It has been a while since I last blogged and a lot has changed. In September last year, a month-and-a-half after moving in together, my partner of seven years left me. He said he “couldn’t deal with my problems any more”. I was crushed, completely unable to comprehend what had happened and it floored me. I thought that there was nothing in the world that could make me feel any worse, truly believing that I had hit the bottom.
But life has a way of putting things into perspective for you. In November, my wonderful and brilliant Nan died unexpectedly. The heartbreak I had felt for my dead relationship didn’t matter anymore because I had lost one of the most important people in my life. This person had been there from the moment I was born and I couldn’t imagine trying to live without her being at the end of the phone. All I could think about was how I had failed her as a granddaughter, as I felt like I hadn’t been to visit enough or called her as often I should have.
I can’t properly explain what happened from there, as people can never really put into words how they feel when they slip into a depression so dark and overwhelming that it feels like there will never be light again.
Funnily enough, my MS didn’t really bother me during this time. Any pain I experienced seemed fitting to the emotional agony I felt inside. I didn’t want to be me anymore as I couldn’t see the point in being alive. To me, I no longer had any value as a human being. I repeatedly told myself that nothing would change and that it would only get worse. And for a time, it did. I let myself feel this way for a couple of months until I decided to go and see my doctor. There wasn’t a ‘eureka’ moment where I had found divine inspiration to get better. I just felt like living in the dark was a strain, one that would continue to build if I didn’t confront it.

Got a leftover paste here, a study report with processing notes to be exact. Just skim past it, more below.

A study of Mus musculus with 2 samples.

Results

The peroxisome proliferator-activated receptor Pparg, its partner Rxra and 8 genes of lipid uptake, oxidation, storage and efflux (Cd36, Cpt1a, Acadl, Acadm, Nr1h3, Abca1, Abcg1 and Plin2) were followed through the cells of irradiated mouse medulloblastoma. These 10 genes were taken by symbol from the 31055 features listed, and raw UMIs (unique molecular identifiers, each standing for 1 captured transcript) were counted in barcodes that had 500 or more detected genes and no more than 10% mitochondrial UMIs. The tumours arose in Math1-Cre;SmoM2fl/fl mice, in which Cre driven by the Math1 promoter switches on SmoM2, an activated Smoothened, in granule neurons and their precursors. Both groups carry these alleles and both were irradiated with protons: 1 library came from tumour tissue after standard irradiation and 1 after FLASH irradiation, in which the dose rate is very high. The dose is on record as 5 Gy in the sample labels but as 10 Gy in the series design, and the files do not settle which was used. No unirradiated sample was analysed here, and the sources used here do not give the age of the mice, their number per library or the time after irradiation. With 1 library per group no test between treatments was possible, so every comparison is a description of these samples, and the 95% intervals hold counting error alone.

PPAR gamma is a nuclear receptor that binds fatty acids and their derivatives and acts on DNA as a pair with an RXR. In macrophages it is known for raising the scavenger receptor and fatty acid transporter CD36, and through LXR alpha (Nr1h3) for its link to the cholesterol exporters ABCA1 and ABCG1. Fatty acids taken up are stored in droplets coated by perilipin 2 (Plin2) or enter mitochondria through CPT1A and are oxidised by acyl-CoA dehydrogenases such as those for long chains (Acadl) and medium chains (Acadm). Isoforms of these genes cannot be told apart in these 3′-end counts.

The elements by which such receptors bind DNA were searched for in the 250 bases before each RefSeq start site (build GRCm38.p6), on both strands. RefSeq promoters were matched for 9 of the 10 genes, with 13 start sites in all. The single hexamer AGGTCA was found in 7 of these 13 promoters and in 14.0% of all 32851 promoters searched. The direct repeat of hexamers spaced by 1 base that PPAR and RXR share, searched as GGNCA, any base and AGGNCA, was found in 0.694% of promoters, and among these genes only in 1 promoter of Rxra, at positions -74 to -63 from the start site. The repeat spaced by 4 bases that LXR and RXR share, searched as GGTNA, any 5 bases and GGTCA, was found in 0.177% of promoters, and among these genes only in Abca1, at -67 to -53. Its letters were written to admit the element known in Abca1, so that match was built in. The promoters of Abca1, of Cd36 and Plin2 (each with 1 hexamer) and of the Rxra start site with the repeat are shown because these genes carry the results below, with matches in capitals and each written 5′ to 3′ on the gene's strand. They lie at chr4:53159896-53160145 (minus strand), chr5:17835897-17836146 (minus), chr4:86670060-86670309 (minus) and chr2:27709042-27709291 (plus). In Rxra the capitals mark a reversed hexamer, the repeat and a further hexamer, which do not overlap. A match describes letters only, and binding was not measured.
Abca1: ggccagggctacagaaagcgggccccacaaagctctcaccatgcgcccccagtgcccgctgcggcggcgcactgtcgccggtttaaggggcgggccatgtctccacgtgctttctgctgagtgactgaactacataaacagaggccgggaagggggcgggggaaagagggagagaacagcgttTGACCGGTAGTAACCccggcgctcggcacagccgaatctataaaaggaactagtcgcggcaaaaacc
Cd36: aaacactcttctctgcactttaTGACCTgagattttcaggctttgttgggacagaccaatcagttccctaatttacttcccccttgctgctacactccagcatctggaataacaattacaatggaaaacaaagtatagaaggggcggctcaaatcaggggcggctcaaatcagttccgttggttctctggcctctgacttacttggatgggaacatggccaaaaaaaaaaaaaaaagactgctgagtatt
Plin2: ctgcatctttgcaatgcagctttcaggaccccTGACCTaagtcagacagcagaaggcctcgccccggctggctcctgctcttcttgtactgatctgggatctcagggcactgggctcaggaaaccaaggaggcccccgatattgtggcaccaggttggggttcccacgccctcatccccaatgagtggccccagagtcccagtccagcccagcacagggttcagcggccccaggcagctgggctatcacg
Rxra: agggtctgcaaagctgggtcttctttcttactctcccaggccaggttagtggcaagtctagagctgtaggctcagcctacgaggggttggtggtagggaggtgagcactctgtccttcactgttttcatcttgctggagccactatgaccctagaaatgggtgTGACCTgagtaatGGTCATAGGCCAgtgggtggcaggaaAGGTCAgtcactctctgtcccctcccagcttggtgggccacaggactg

While the NHS has its flaws, I am lucky to say that I have a fantastic relationship with my GP. She recognised instantly how distressed I was and referred me for counselling. She also made follow up appointments to check in with me to see if I was feeling better. Eventually, I did start to feel better. It didn’t happen overnight and I didn’t wake up one morning filled with unbound glee. It was more like I was slowly roused from a deep sleep.
I can honestly say that things are better now. I finally passed my driving test (after six failed attempts), I bought a car, I’m going out with my friends again, and learning to enjoy life. I’m trying my hand at dating again, and while it’s not proved to be successful yet, it’s certainly being entertaining.
For the first time in a long time, I can say that I’m looking forward to what the future holds.